I had just posted my piece on abstract expressionism, noting the missing women, when I found this article on Artsy net. Alongside a very accessible article about what you need to appreciate abstract art – it turns out you need to know something of the context, the historical background, provenance, and the cultural realities artists were working in. Also their significance as innovators – was a short paragraph concerning the missing women.
“The truth is I did not set out to do a women’s show; I really set out to see who’d been left out of the canon of Abstract Expressionism,” she said. “When I began to see which people had been left out, I realized there was a whole gender missing.” She brought together over 50 works by 12 women painters associated with AbEx, including Lee Krasner, Judith Godwin, Grace Hartigan, and Ethel Schwabacher.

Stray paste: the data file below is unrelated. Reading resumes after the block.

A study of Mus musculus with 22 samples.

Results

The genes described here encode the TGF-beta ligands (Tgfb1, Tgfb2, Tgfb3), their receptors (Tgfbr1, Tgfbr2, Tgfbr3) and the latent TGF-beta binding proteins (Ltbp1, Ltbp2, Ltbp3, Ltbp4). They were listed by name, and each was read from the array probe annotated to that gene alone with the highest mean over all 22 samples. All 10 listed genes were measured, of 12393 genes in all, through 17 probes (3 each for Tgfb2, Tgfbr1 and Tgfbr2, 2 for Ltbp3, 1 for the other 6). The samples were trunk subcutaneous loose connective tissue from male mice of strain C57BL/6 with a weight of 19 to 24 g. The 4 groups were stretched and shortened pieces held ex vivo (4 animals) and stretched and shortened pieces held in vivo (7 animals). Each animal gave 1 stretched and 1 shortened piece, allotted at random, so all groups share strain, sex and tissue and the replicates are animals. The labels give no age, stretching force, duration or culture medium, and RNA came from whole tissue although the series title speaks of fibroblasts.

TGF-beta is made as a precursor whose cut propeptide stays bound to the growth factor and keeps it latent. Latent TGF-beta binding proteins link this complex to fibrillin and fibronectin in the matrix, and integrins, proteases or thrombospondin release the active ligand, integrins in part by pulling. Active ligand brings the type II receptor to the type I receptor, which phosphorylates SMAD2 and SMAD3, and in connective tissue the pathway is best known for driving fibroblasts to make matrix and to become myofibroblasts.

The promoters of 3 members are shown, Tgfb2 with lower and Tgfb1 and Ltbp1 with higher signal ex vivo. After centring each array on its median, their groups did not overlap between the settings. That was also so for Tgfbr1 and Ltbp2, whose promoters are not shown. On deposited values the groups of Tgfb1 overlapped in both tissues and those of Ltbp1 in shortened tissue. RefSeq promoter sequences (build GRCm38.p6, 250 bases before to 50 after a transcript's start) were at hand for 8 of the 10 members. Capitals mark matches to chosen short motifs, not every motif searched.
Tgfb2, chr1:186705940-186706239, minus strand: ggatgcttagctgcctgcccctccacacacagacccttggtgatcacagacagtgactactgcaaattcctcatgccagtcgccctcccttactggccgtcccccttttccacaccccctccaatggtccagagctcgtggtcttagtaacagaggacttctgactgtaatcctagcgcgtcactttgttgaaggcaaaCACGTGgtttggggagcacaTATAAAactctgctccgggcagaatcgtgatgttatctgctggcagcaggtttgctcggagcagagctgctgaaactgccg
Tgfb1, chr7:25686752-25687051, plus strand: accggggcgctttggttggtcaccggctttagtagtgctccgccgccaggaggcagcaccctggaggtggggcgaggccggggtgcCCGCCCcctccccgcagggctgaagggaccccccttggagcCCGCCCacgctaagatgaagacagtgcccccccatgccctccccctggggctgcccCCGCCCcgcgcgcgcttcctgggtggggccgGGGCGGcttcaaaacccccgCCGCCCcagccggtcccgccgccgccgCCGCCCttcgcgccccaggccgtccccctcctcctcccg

It’s key to recognize, though, that the canon of AbEx masters was also the product of societal biases, and that our subjective opinions are not always free from the influence of broader cultural realities. Most of the major AbEx figures are white men, despite there having been both artists of color and women working in the genre (see: Norman Lewis, or Lee Krasner).
Gwen Chantzit, curator of modern art at the Denver Art Museum
These exclusions are somewhat predictable, given the period, but a perhaps little less so when you consider jazz was the favoured musical genre in this group, and that so many jazz musicians and singers were Black and, in the case of singers, female.
Gwen Chanzit, in ‘What makes an abstract expressionist painting good?’ Isaac Kaplan, 2016. Artsy Net. [online] Available at https://www.artsy.net/article/artsy-editorial-abstract-expressionist-painting-good. Accessed 24 June 2020.